Severely-deformed petty crook John Sedley (Mickey Rourke), cruelly nicknamed ‘Johnny Handsome’, accompanies his one true friend on a jewel heist that goes horribly wrong. Double-crossed by his accomplices, criminal couple Sunny Boyd (Ellen Barkin) and Rafe Garrett (Lance Henriksen) who murder his friend, Johnny winds up with a lengthy jail sentence. Inside prison, Johnny attracts the interest of Doctor Steven Fisher (Forest Whitaker), a surgeon looking to pioneer experimental cosmetic surgery as a form of rehabilitation for criminals. With nothing to lose, Johnny happily serves as Dr. Fisher’s guinea pig and emerges transformed into a handsome man. But though Johnny is released to start his second chance at a better life, New Orleans police detective Lieutenant Drones (Morgan Freeman) remains certain that what he’s really after is a shot at revenge.
Johnny Handsome is a hard film to get a handle on. Coming after the dumb actioner Red Heat (1988), Walter Hill likely set out to craft something more substantial and ambitious but was seemingly indecisive as to what form that should take. Consequently the film emerged an oddball, inconsistent hybrid equal parts earnest character driven drama and cockeyed homage to old B-movies. Adapted from the novel, “The Three Worlds of Johnny Handsome” by John Godey - pseudonym for Morton Freedgood, the author of The Taking of Pelham One Two Three (1974) - this was among several flops that, along with some unfortunate life choices, derailed Mickey Rourke’s once-promising career. Which is a shame because, regardless of the quality of the movie, his performance in the first half is quite remarkable. Buried under heavy prosthetic makeup, Rourke wrings a great deal of pathos with a characterisation that foreshadows his more celebrated turn in Sin City (2005). After the plastic surgery however, Johnny emerges a more sedate, strangely less compelling character, like someone from a different movie.
Things open like gangbusters. Ellen Barkin and Lance Henriksen make a vivid first impression as coked-up, leather-clad Bonnie and Clyde wannabes Sunny and Rafe, stealing every scene they are in. As a young aspiring filmmaker, Hill was heavily influenced by John Boorman near avant-garde crime classic Point Blank (1967). Here for the opening he adopts a similarly fractured sense of space and time which along with his arresting use of extreme wide angles make the action resemble a comic book onscreen, though not in a juvenile sense. More along the lines of an adult-oriented graphic novel. An admittedly inconsistent but unfairly underrated and creatively innovative filmmaker, Hill layers the plot with some admirable character depth aided by Rourke’s initially poignant performance. But after a strong start things strangely run out of steam and thereafter grind laboriously through an odd hybrid of blue collar drama and predictable revenge plot.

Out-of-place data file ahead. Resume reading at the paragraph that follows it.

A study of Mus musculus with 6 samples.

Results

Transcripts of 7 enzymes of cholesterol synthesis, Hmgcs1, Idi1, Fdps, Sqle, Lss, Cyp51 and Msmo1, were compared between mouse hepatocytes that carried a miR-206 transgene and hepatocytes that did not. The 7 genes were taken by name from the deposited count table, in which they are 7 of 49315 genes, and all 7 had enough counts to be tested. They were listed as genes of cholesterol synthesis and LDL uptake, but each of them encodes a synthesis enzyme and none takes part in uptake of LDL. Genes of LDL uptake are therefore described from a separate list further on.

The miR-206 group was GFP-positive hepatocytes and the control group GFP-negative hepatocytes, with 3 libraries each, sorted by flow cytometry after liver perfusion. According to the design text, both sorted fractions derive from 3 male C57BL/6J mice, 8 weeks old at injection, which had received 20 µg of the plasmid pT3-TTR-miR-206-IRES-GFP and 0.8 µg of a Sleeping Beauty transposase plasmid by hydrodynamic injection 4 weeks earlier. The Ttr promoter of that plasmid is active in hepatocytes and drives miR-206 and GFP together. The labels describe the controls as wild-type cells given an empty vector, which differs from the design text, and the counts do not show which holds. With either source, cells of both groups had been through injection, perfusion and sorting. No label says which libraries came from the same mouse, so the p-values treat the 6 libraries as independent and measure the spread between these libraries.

Johnny’s romance with a nice girl played by future Downton Abbey star Elizabeth McGovern derails the film into an adaptation of some kind of Bruce Springsteen song about regular working stiffs trying to make their way in a hard-living world. Throughout the first act there are hints that Hill is attempting to mount his hard-boiled thriller as an existential parable, once again along the lines of Point Blank. Yet whereas Lee Marvin’s anti-hero was a consistent force of nature, Johnny proves frustratingly flaky and obtuse. Although several characters insist he is trying to stay on the straight and narrow, Morgan Freeman’s detective remains adamant to the contrary and is ultimately proven correct even though his character does little besides cackle knowingly. There is, for example, no adequate reason why Johnny callously wrecks his romance with McGovern’s Donna to hop in bed with Sunny, the woman who shot his best friend. Never mind that Ellen Barkin wears some fetching leather outfits. The film chugs along with progressively less enthusiasm till it fizzles out with a weak climax. Regular Hill collaborator Ry Cooder contributes a typically atmospheric score.